Presqu'ile Winery a Nod to Way of Life for Murphys


When Hurricane Katrina destroyed the Murphy family compound, Presqu’ile, on the Mississippi Gulf Coast in 2005, it destroyed a way of life, says Madison Murphy, chairman of Murphy USA Inc. of El Dorado.

So when in 2008 the family started their 200-acre winery in the Santa Maria Valley in California’s Santa Barbara County, they named it Presqu’ile (pronounced “pres-KEEL”) as a “tip of the hat” to what was lost.

Now that winery is drawing increasing attention, both for its wines and as a destination. The Wine Enthusiast awarded the Presqu’ile 2015 Rosé of Pinot Noir (Santa Maria Valley) 91 points and made it as an “Editor’s Choice.” Conde Nast Traveler in September listed it as among the 10 most beautiful wineries in California, calling it “stunning” with “jaw-dropping views.”

And Madison Murphy, son of Charles Murphy Jr., who developed Murphy Oil Corp. of El Dorado into a global energy powerhouse, is proud of what he, his wife, Suzanne, and their three children — Matt, Anna and Jonathan — have created.

Murphy, Matt and Matt’s then-girlfriend now wife, Amanda, started Presqu’ile (from the French for “almost island”) on property that had been a gladiola farm.

From 2008 through 2012, they made wine in a converted barn. They then built a tasting room and a winery, which they opened in June 2013.

Of their 200 acres, 73 are planted. They grow pinot noir grapes, chardonnay, sauvignon blanc, syrah and a little nebbiolo.

Presqu’ile’s wines are noted for their elegance. “We are probably a lower alcohol, a little less fruit-forward than maybe a typical California pinot noir,” Murphy said. “Pinot is a really difficult grape to grow, but it’s also the grape that has the capacity to be most expressive of its site, from whence it came. We chose to be in the Santa Maria Valley for a reason” and that was for the “terroir,” the microclimate and soil of the region. “We quite enjoy producing wines that are expressive of the Santa Maria Valley,” he said.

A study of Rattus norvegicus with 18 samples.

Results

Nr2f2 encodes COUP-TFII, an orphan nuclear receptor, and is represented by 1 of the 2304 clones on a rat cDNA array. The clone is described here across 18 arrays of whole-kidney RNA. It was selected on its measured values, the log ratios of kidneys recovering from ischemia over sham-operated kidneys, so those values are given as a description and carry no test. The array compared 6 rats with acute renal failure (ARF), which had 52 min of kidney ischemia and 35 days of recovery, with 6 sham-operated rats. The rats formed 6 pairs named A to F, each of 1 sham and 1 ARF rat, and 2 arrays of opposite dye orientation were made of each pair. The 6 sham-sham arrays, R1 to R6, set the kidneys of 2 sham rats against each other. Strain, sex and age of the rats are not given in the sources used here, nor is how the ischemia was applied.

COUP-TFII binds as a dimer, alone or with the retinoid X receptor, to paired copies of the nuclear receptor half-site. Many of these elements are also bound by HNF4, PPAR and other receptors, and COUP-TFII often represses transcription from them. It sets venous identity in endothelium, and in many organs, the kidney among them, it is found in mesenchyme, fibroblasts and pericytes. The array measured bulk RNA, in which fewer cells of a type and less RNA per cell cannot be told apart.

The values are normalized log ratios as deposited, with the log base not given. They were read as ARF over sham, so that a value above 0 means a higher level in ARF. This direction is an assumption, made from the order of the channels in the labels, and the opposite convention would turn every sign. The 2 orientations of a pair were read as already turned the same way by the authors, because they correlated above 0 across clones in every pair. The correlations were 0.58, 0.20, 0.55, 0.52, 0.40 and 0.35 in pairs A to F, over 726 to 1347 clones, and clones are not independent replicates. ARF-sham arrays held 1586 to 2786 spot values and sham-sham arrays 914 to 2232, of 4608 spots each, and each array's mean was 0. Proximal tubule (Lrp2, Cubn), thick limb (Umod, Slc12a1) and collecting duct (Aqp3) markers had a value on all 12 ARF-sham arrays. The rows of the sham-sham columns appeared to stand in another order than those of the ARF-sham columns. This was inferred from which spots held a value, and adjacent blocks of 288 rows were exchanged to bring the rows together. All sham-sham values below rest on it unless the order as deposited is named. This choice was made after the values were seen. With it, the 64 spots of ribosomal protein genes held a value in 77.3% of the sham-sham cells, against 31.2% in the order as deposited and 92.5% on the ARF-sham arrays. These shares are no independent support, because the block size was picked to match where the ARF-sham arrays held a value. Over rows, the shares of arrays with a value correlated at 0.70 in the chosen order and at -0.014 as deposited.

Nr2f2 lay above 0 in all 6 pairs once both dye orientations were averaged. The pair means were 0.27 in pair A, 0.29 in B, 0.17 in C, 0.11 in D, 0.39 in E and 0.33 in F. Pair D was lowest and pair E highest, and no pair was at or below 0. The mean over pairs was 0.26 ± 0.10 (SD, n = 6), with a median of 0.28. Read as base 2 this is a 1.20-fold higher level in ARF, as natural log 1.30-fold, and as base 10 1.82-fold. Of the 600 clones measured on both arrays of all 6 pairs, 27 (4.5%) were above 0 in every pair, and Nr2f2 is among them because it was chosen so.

Although it’s not as well known — at least in Arkansas — as the Napa and Sonoma valleys, the Santa Maria Valley is one of the oldest American Viticultural Areas — wine-producing areas — in California. It features a cool climate and a long growing season that allow the grapes to develop their full flavors. (Movie lovers may be familiar with Santa Maria Valley from the film “Sideways.”) The wines are distributed in Arkansas by Moon Distributors.

All three of Murphy’s children are involved in Presqu’ile. His middle child, Jonathan, went out to California to help convert the old barn into a winery and stayed, eventually marrying and buying a house. And his daughter, Anna, “who had a really nice job at Hendrix,” the Conway college where Madison earned his bachelor’s degree, came six or so years ago to work at harvest with plans to then go on to graduate school. Instead, she, too, stayed. “She runs our lab now” and is the winery’s enologist, an expert in the science of winemaking.

“It’s like any business and any endeavor — it’s hard work,” Murphy said. But “it’s a lot of fun. We enjoy the challenge and we enjoy the product.”

The original Presqu’ile, at Henderson Point, Mississippi, “represented sort of a haven, a place that kind of engendered a warmth of human spirit, a conviviality among friends and family,” Murphy said. “We had five homes. It was literally a family compound. My grandmother’s house was there, my parents’, my sister’s.”

After his parents died, he and Suzanne owned his parents’ home with his sister. “Our whole extended clan would rotate through our grandmother’s house through the course of a summer, and we spent every summer there and a lot of the year and holidays,” he said.

“It was a place that in our minds and hearts was kind of magical and special. And when we started Presqu’ile, started the winery, well, we had to name it something,” Murphy said. The family kept coming back to “Presqu’ile, as a tip of the hat to a way of life that we just couldn’t recreate at the original Presqu’ile.”

“We wanted the wines and the winery to be evocative of that sort of warmth of human spirit,” he said.

The California Presqu’ile has now become the Murphy family’s gathering spot.

And though his children now live in California and he and Suzanne spend a lot of time there, Murphy remains committed to Arkansas. “El Dorado is home.”